Lexmark Listed Among LBO Targets In New Report

Lexmark International, the printer company owned in the early 1990s by Clayton, Dubilier & Rice, may be among U.S. companies targeted for leveraged buyouts, as the number of deals picks up, Bank of America said. Others include Pactiv Corp., Lubrizol Corp., Harris Corp. and United States Cellular Corp.

A resurgence of credit demand, tight credit spreads, attractive equity valuations and capital at private equity firms ready to be invested has increased the risk to credit investors of increasing LBOs, Bank of America analysts said in a report released on March 19.

LBOs can significantly harm a company’s credit profile, and send its debt and credit default swap costs soaring, as the deals tend to involve significant amounts of debt used to fund the acquisition. Bank of America recommends buying protection on Lexmark, Pactiv, Lubrizol, Harris and U.S. Cellular in a basket trade, to benefit from, or hedge against, the risk of widening credit default swap spreads in the event the companies become LBO targets. CDS on the companies were trading at 148 basis points, 89 basis points, 71 basis points, 53 basis points and 67 basis points, respectively, on March 19, according to Markit Intraday.

The LBO market saw its heyday amid the low-cost credit markets from 2005 to 2007, when many companies also were able to undertake deals using debt with few restrictive terms. The trend culminated in the $44 billion takeover of TXU Corp. in 2007, the largest such deal ever made. TXU has since changed its name to Energy Future Holdings.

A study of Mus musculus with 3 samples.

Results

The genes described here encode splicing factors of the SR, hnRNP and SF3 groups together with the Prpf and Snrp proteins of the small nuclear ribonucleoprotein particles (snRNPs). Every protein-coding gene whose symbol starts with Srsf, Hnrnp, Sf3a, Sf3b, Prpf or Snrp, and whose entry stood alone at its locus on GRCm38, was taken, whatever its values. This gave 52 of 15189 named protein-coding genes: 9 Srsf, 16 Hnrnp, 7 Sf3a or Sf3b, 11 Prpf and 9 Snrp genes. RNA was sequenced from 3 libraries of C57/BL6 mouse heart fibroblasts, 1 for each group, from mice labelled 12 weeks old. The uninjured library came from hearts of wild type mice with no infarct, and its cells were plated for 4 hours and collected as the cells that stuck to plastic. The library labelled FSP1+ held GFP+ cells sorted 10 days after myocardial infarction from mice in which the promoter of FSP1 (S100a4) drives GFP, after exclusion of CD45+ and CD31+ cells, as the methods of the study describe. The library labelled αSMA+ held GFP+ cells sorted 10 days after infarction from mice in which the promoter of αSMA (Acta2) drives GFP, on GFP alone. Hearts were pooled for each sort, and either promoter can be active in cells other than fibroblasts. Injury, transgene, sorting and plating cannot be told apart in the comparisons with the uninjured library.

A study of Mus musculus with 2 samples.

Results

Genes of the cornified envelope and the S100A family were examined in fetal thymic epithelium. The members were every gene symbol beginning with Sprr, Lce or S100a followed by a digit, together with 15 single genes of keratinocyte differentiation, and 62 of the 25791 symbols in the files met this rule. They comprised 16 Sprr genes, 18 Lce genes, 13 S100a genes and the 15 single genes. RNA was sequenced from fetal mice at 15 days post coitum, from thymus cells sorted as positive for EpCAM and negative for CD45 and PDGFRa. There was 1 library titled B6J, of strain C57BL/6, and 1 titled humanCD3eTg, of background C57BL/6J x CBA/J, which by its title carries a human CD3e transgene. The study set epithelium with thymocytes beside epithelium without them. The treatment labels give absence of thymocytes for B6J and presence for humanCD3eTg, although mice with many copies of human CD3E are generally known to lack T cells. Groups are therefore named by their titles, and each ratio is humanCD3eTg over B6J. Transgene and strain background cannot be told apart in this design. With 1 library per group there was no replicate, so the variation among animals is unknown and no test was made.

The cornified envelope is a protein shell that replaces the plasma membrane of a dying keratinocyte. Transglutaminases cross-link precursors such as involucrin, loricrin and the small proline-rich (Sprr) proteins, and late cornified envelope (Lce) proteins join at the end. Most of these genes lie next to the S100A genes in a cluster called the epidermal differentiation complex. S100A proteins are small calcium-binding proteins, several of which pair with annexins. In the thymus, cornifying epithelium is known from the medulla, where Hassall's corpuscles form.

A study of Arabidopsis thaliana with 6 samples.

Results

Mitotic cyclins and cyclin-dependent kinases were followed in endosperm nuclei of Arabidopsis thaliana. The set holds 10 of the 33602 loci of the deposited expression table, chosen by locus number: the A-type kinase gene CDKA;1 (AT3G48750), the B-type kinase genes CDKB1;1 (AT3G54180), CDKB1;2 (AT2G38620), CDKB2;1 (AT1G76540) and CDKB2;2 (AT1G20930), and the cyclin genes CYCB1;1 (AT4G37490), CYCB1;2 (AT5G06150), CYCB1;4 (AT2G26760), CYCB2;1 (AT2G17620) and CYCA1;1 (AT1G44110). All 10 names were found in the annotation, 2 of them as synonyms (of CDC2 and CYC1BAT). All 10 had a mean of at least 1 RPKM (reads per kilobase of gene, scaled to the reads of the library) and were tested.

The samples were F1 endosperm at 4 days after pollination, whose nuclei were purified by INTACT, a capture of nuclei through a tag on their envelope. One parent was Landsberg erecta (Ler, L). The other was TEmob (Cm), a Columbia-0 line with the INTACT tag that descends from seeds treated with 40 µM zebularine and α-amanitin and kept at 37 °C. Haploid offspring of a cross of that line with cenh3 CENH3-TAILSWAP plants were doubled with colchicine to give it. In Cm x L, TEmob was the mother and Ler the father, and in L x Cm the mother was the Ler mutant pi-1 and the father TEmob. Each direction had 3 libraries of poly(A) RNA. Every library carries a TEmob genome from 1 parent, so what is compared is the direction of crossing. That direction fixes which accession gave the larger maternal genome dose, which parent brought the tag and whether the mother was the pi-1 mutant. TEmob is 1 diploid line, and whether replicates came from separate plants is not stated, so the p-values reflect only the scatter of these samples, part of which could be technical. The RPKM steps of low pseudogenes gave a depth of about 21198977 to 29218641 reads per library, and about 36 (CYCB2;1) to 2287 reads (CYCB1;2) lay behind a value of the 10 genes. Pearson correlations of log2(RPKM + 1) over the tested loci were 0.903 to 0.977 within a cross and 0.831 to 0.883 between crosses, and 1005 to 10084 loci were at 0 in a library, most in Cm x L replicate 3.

Unlike the recent LBO period, deals taken private this time are likely to be of smaller size, at less than $10 billion, and take on less leverage, though larger deals are not impossible, Bank of America said.

Other trading strategies that can be used to protect against LBO risk include buying an LBO candidate’s bonds and buying protection using CDS, on the assumption that bonds may be tendered for in a deal while the CDS would benefit from spread widening. Companies often tender for shorter-dated bonds after an LBO to avoid having debt maturities ahead of new bank debt taken on to fund the purchase.

Buying protection using longer-dated CDS and selling protection with shorter-dated CDS could also benefit from so-called curve steepening in the CDS of a company taken private, as the market prices in more long-term default risk relative to the company’s short term default risk, Bank of America said.

—Karen Brettell is a New York-based correspondent for Reuters.